Prepare and Apply
Prospective HUD inspectors must be knowledgeable about the function and administration of HUD inspectors and the Uniform Physical Condition Standards, which ensure consistency and objectivity in inspections. Study the UPCS deficiencies that would raise concerns, such as inadequate drainage, which can water damage, or broken walkways, which pose a tripping hazard. Fill out and submit the Inspector Assessment Form, found on the HUD website. If HUD deems you a qualified candidate, you will receive a welcome letter and instructions for pursuing a position.
HUD training is divided into three modules. The first and second are self-paced online training courses that cover topics such as HUD's responsibilities, the inspector's role, areas to be inspected and how to use HUD's software systems. You must complete this training and pass the online test for each phase to proceed to the third module, which is a four-day classroom session. This is followed by a two-part certification examination. After you pass the exam, you will receive a badge that identifies you as an inspector candidate. This allows you to begin the on-the-job portion of your training program.
First Assignment and Certification
With your badge in hand, you may bid on your first assignment via HUD's reverse auction website. Choose an inspection job and submit a bid for your fee. The lowest fee bid wins at the end of the auction. Or you may receive an inspection assignment directly from a mortgagee or contractor. You will perform this inspection under supervision of HUD staff. After several successful supervised inspections, you may be approved as a full-fledged, certified HUD inspector.
Become a Consultant
HUD uses consultant inspectors when a prospective buyer or owner applies for a 203 (k) loan to purchase, refinance or repair a home. You must have at least three years of experience as a home improvement contractor, commercial home inspector or as a licensed architect or engineer to become a consultant. Prepare a resume that includes relevant education and a description of your ability to perform inspections. Your application also must include certification that you have read HUD Handbook 4240.4, REV 2, and the materials listed in Mortgagee Letter 2000-25. Submit your documentation via HUD's website. If HUD finds you qualified, you will be listed on the FHA 203(k) Consultant Roster provided to 203(k) loan applicants, who must get an inspection to qualify for the loan.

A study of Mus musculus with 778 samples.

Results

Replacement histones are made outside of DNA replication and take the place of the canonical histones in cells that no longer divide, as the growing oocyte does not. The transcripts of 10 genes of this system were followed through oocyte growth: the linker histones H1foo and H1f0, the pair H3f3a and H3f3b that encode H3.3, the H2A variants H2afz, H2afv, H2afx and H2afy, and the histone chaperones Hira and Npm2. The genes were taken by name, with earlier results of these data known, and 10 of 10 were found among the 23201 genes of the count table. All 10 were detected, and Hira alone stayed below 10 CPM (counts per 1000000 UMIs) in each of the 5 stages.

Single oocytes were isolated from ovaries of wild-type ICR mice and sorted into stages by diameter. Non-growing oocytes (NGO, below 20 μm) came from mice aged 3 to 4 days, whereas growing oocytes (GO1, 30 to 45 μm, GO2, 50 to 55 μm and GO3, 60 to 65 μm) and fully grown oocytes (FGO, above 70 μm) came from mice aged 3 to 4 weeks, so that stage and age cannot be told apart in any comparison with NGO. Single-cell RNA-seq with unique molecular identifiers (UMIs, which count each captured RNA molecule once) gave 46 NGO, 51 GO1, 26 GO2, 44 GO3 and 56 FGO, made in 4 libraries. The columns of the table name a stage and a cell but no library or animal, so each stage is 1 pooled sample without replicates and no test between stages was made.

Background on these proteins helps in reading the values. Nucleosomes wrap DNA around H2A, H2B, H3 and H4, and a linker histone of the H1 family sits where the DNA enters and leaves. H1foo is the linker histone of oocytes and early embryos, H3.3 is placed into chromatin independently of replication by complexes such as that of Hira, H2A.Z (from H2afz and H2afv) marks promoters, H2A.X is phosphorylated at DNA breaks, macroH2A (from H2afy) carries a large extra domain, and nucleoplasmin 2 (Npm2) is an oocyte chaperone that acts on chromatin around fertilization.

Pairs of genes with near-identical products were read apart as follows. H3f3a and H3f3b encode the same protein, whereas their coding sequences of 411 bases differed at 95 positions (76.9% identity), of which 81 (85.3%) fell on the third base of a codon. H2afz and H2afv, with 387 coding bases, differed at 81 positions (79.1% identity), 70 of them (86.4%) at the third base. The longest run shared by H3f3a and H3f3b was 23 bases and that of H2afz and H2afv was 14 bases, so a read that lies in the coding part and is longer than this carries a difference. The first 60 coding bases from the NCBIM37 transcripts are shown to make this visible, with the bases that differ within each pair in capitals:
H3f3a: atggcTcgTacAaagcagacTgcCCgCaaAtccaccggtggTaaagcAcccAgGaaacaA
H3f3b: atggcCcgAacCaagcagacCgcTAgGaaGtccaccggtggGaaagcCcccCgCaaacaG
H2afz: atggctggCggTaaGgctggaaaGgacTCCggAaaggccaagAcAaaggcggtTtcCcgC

- U.S. Department of Housing and Urban Development: How Do I Become a UPCS Inspector?
- U.S. Department of Housing and Urban Development: How to Become an Approved 203(K) Consultant
- RealtyTrac.com: HUD Frequently Asked Questions
- U.S. Department of Housing and Urban Development: Dictionary of Deficiency Definitions
- U.S. Department of Housing and Urban Development: General Use Buildings
- U.S. Department of Housing and Urban Development: HUD Physical Inspection Training Program - Inspector Training
- U.S. Department of Housing and Urban Development: PIH-REAC Reverse Auctions for Physical Inspections
A retired federal senior executive currently working as a management consultant and communications expert, Mary Bauer has written and edited for senior U.S. government audiences, including the White House, since 1984. She holds a Master of Arts in French from George Mason University and a Bachelor of Arts in English, French and international relations from Aquinas College.